Villages in a remote, mountainous part of Kompong Speu province are suffering from a severe malaria outbreak, according to National Malaria Center adviser Dr Seshu Babu.
As many as three deaths in the last month can be attributed to malaria, he said. Tests in four villages in Chreau commune in Oral district showed that more than half of 155 villagers tested positive for p falciparum malaria.
“We’ve got a serious problem,” Babu said.
After hearing that the area might have a malaria epidemic, a team of five doctors from the National Malaria Center and the Pasteur Institute visited Chreau commune on April 5 and April 6. Another doctor went to the province this week to gather more information.
A number of follow-up visits to the area by National Malaria Center and provincial health staff are planned.
The National Malaria Center is considering spraying homes and cattle sheds with insecticide.
Vietnam’s malaria program uses both distribution of chemically treated bed nets and spraying to fight the spread of the disease.
Spraying is a measure not usually taken in Cambodia.
“Since this is an epidemic, an exception could be made,” Babu said.
Bed nets were handed out to villagers about six months ago, but the team of doctors that visited earlier this month found that some nets had tears and holes, and many had been regularly washed, which reduces their effectiveness, since it rids the nets of anti-mosquito chemicals.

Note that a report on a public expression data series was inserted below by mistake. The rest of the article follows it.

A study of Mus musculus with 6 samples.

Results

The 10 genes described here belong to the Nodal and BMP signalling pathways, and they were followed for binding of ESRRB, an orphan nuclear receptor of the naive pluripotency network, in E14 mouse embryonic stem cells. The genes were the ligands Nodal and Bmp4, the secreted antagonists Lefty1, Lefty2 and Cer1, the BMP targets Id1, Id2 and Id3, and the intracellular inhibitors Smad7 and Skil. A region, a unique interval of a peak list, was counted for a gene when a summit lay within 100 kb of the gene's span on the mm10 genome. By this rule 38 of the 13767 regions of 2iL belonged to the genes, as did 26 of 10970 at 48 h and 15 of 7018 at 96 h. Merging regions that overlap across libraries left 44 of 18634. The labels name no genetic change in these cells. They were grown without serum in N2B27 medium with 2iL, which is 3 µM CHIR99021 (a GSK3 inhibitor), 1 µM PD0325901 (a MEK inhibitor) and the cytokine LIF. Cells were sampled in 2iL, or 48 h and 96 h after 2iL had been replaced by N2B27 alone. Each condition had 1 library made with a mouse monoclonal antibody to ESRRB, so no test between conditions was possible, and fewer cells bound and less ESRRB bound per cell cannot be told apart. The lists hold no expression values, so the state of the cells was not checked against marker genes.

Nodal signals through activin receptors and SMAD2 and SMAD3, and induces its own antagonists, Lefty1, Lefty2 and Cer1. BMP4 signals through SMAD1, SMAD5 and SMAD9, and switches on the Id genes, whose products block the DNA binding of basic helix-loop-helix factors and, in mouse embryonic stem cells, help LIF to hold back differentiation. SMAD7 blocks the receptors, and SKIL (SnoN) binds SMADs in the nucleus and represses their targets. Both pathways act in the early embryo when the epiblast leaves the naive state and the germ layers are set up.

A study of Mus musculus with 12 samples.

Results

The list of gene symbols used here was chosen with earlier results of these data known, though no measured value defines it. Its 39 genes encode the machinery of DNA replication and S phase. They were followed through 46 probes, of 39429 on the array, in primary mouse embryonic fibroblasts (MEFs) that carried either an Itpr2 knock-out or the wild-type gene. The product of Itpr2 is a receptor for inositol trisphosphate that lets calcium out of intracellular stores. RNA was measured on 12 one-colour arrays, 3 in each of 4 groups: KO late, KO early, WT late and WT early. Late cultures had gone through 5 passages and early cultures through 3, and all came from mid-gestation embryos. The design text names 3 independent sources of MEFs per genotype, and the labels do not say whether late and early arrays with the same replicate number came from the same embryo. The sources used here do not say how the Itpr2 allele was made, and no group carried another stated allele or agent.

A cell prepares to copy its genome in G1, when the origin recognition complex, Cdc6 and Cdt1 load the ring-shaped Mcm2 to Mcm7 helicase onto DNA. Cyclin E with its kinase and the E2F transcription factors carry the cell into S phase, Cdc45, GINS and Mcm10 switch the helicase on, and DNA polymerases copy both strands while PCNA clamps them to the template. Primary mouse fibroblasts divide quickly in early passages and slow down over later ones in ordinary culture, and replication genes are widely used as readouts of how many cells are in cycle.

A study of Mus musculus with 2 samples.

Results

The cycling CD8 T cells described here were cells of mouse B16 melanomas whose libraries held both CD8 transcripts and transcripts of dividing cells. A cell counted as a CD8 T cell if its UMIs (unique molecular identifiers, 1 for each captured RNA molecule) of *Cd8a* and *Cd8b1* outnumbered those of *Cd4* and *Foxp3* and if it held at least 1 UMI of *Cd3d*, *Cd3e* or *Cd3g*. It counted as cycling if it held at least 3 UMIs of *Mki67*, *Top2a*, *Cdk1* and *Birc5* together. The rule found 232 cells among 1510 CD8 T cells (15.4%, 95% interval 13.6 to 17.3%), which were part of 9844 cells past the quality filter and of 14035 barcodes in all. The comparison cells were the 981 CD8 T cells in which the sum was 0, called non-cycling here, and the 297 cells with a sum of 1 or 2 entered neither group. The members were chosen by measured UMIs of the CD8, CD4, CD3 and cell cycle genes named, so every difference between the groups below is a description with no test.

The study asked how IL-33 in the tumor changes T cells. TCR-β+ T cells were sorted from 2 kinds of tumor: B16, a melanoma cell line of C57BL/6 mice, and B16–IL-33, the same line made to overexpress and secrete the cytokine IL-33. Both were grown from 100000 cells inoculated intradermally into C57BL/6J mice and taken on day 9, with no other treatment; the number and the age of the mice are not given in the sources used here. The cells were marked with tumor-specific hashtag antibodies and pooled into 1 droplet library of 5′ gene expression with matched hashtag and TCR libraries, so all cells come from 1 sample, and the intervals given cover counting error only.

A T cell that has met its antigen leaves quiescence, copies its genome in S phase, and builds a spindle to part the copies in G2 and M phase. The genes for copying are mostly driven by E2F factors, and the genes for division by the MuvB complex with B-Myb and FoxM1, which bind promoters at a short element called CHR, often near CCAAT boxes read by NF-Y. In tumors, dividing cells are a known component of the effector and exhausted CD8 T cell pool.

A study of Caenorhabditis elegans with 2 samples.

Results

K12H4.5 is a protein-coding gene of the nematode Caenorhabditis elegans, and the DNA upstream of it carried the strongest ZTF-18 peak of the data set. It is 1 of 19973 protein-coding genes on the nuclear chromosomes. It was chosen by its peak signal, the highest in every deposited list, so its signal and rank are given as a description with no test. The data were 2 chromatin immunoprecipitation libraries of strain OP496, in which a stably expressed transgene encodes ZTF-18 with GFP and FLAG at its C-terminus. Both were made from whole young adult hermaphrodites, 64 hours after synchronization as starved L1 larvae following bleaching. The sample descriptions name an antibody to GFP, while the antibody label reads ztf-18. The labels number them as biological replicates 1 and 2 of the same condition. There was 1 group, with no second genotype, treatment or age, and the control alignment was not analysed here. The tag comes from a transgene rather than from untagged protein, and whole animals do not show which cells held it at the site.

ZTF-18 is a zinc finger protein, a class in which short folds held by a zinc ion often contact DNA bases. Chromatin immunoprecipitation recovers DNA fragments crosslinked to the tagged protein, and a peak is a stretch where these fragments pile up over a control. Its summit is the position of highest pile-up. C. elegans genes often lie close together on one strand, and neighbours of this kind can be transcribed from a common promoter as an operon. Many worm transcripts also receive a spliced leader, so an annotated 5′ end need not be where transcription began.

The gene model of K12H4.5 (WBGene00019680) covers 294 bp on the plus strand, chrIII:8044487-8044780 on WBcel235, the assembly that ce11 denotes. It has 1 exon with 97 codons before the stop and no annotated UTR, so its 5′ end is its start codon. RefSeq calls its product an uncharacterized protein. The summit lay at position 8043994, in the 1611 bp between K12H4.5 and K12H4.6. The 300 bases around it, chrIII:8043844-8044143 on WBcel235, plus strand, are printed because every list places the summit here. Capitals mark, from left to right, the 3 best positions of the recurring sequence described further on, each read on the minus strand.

Babu said nets would be treated again and villagers would be advised to stay under nets during the early evening.
Interviews with villagers revealed that most of them were not going to bed until 9 pm. Even though mosquitoes tend to be most active just after sunset, people have been spending that time tending to their cattle, fetching water from mountain streams, cooking, smoking and playing outdoor games.
“It’s the 6 to 9 pm [activity] that is causing the havoc,” Babu said.
The villages of Thnal, Tang Hoang, Tang Samrong and Teuk Chenh have recently been repopulated, Babu said. The villages were constantly under siege during the years of the Khmer Rouge insurgency and were abandoned as a result.
Many villagers living there now are former Khmer Rouge members who have moved back in the last two or three years.
New homes have been built and there are now more than 1,000 people living in the four villages, which are near forests along the border with Pursat province.
Many of the people who complained of a malaria-like fever earlier this month told the team of doctors that they have already spent a great deal of money on care from private doctors.